April 26, 2012

Walking Above Glen Banvie

Just over a week ago we walked up through Glen Banvie in the Atholl deer forests, up to the snow line below Beinn Dearg. But for my recurrent foot problem we might have gone further. As it was we did a longer walk than planned, as always reluctant to turn back.

It was a drier day than forecast, though the snow still lay on the high tops of Ben Vrackie and Beinn a’ Ghlo. From higher ground we could see the fresh white snow covering many of the Grampians.

We had intended just to walk the tourist trail through the wooded lower section above the Banvie Burn, but once through the deer gate we could not resist climbing upwards towards the snow. Not that the foot of the Glen isn’t spectacular. It is. A deep wooded gorge, green cliffs falling to the roaring waters of the burn. The winding path dipping now and again to cross the burn at some very attractive stone bridges.

But the hill beyond has a feel of real wilderness. As we breasted the first slope, we saw a distant stag on Tom nan Cruach, with a hint of red deer hinds beyond. We descended to cross the Allt na Moine Baine, its waters cold with what had been snow such a little time before. Then up the track running parallel to the Allt an t-Seapail.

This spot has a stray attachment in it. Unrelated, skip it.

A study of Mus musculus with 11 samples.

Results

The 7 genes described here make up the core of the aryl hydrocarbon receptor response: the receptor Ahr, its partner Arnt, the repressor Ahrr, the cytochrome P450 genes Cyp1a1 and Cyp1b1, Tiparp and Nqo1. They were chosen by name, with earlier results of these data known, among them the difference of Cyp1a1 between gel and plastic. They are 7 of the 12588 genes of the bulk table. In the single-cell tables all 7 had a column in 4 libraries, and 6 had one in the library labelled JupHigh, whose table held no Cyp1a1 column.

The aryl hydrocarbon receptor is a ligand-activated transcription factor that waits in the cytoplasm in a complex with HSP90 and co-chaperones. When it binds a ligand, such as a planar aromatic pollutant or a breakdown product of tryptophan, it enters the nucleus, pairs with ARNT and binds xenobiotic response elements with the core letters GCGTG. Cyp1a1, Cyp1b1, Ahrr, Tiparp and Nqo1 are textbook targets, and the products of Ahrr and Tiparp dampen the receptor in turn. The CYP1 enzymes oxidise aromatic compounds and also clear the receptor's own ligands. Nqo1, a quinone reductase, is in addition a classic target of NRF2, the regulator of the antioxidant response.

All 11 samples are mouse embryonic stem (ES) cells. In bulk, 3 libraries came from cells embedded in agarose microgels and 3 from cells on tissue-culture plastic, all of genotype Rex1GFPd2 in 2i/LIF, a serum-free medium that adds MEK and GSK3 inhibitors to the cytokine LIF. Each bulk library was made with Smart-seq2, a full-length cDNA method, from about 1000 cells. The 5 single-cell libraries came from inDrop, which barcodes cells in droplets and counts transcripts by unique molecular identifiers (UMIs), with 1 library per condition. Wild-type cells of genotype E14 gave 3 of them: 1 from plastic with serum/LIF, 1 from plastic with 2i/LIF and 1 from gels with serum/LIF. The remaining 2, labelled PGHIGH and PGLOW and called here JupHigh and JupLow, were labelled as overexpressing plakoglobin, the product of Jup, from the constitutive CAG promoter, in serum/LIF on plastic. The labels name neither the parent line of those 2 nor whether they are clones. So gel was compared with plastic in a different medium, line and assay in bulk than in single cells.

Winding round the slopes of Carn Dearg, we caught tantalising glimpses of Beinn Dearg, the Munro’s highest slopes covered in snow. So near and yet so far, for my errant foot was not on its best behaviour.

With reluctance, on the slopes of Meall Tionail, we turned back down to Glen Banvie.

Back within the deer fence, we followed the true right bank of the Banvie Burn, down into the woodlands above Blair Castle, diverting to see The Whim, the folly built in 1761 as a focal point for people in the castle grounds. In the field below shepherds with their dogs were rallying the sheep in a scene probably little changed for years.